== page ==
2023 – CHW
The pace of magnolia flowering has speeded up in this mild and warm week.
60 tonnes of new gravel laid at the front of the castle with Arthur and a tractor. Many years since we last did this. Not ideal for wheel chairs but good for security as you can hear cars coming more easily.
2022 – CHW
A video proving that Storm Eunice has left our magnolias largely totally unscarred even in the teeth of the wind which most of the garden was not. A few more pictures here to prove the point.
Work proceeds in the Kitchen Garden but now stalled by wet weather.
Various piles of plants in the back yard selected to go to different areas of the garden. I guess we are about halfway through this year’s planting programme but the nursery/field grown rhododendrons will add a couple more days to the two to three days it will still take to get this lot sorted next week or the week after. In Lockdown 3 we are well ahead of a normal season’s planting in March.
Storm Dennis or Ciara have caused a significant landslide or rock fall at Porthluney Beach. It does not seem that this has undermined the coastal path or the fence along the cliff line but this will need checking properly especially if a tractor were to drive too near to the edge.
A Magnolia sargentiana var. robusta seedling which is a bit at variance to the true robusta flower but still quite good.
Then a magnolia from the same seed crop as the named Magnolia ‘F J Williams’ in the Auklandii Garden. Only the flowers on the lowest branches have opened on their own and not been blown open prematurely. These are quite decent and nearly true to the original named sister seedling. The rest are miles away this year as you can see.
Magnolia sargentiana robusta x sprengeri ‘Diva’ is just coming out high up.
2019 – CHW
Camellia ‘Mona Jury’ is a must have for any serious camellia gardener. A New Zealand cross between a Camellia x williamsii seedling and Camellia japonica ‘Betty Shenfield’. An open and slightly spreading habit.
2018 – CHW
A day in the garden planning new planting places. Sadly too wet to get started today.
Rhododendron rireii (Tom Hudson collection) is full out and very fine today in the sun.
A visit from Raf and his Belgian mentor with lots of very rare plants in exchange for magnolia scions of our newer varieties. Raf has just started a new nursery in Belgium propagating very rare plants which Burncoose will of course purchase when and if he gets his act together.The yellow form of Magnolia campbellii alba is out above the Auklandii. Only a few flowers this year but they really are quite yellow as the buds start to open. Raf tells me that Mount Congreve gardens, from where this originated, have given it a name but I cannot remember what it was.
This is the list of the very rare and mainly grafted plants which Raf brought for us:Magnolia floribunda ex Kunming (PB)
Magnolia floribunda var tonkinensis (BKR 20100845)
Magnolia floribunda ‘Furry Uok’
Magnolia maudiae (hardy -20)
Pterocarya macrocarpa var insignis
Pterocarya rhederiana ‘Fern Leaf’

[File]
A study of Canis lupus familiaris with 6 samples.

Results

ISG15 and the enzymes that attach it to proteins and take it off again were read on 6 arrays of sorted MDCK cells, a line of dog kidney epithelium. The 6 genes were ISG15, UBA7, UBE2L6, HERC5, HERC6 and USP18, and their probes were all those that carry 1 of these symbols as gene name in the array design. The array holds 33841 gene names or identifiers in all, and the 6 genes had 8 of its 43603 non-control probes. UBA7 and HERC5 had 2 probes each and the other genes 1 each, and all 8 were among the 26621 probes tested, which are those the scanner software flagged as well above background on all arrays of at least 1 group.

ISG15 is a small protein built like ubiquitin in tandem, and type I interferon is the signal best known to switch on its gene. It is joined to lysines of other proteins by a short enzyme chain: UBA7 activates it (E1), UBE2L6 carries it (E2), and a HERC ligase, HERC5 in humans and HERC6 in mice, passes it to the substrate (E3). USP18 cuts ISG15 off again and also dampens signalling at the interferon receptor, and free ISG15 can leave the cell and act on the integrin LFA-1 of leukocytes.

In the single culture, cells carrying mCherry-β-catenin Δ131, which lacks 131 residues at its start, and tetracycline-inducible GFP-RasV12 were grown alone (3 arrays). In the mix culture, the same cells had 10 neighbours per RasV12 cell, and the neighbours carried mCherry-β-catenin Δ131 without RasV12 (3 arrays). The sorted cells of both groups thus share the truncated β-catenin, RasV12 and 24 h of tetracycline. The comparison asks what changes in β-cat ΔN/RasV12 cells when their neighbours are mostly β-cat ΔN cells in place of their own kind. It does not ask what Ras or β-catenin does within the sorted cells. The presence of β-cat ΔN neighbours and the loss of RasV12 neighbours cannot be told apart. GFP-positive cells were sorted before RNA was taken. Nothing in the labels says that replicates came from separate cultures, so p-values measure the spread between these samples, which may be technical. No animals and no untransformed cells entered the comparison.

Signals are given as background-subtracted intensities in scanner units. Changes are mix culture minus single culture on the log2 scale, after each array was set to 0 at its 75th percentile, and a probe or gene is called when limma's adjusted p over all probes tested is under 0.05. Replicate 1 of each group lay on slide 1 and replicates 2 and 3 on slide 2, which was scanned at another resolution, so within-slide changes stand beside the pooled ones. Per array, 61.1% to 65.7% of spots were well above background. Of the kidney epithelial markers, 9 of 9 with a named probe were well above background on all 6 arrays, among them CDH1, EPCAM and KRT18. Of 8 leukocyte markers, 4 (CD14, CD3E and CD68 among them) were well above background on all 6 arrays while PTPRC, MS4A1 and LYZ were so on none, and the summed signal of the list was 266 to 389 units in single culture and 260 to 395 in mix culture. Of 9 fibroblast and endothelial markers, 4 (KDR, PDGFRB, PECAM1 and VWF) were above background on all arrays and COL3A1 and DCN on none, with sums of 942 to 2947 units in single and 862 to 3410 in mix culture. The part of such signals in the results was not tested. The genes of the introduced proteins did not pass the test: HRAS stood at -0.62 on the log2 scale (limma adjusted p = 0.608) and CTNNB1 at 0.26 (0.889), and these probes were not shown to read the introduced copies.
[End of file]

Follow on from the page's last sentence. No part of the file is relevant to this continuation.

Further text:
2016 – CHW
George Williams and friends arrive for a flying visit. George is keen to discuss his PlantSnapp business which is growing like topsy since initiation 18 months ago (www.plantsnapp.com). It is a simple plant identification app with potential to do far more. As penance for a Sunday meeting I drag them reluctantly around the garden to see the magnolias. Many more are emerging into flower daily.
Today we find: Magnolia ‘Caerhays Splendour’ with three or four flowers out
1998 – FJW
Return from Bath. All Campbellii proper are out. Also Mollicomata x nearest Auklandii Garden on drive. Tin Garden Diva flowers dark and poor size. No flower on Mag Bishop Peter.
1947 – CW
Returned in second snow storm, came out in farm trailer behind lorry. About 8” on lawn. Church Hill blocked. Michelias bad, very little broken by snow except big Camellia.
1943 – CW
One Magnolia sargentiana 1/3 flowers out, one Mag mollicomata has flowers now, Mag salicifolia in 40 Acres almost at its best. Magnolia denudata showing colour. Blood Reds in 40 Acres very fine. Daffs very forward and perhaps ⅓ out. Rhodo sutchuenense at its best, one Camellia reticulata flower open and several of the species Reticulata.
1941 – CW
There has been more frost and snow. Few Camellias cut this time but species Reticulata slightly browned – Blood Red X not so. Rhodo sutchuenense hybrids good. About a dozen daff seedlings out, half with colour.
1934 – JCW
A late season without much frost, a good many Camellias show flower so far.
1933 – JCW
A fair lot of daffs open and have cropped some, also (flowering) is Forrest’s big Camellia by the gun room door, with a big single white lower rookery.
1917 – JCW
No sign of a daff bud. Only Rhodo mucronulatum and moupinense of the Rhodo’s.
1916 – FJW
As against 1897 the earliest recorded year, the hard wood things are further on and the daffs are just as far on.
1904 – JCW
Tenby, Caerhays,H Irving just out, Maximus shows colour, Cyclamineus x showing colour, Rho praecox good, Ericas good, Rho barbatum and Carlyons Arboreum colour. Narcissus minor open, Anenome blanda open, Soleil d’Or good, snowdrops at their best.
1897 – JCW
Some Reticulata open, nearly all Caerhays open, one or two Pipardi, several Maximus, one citrinus.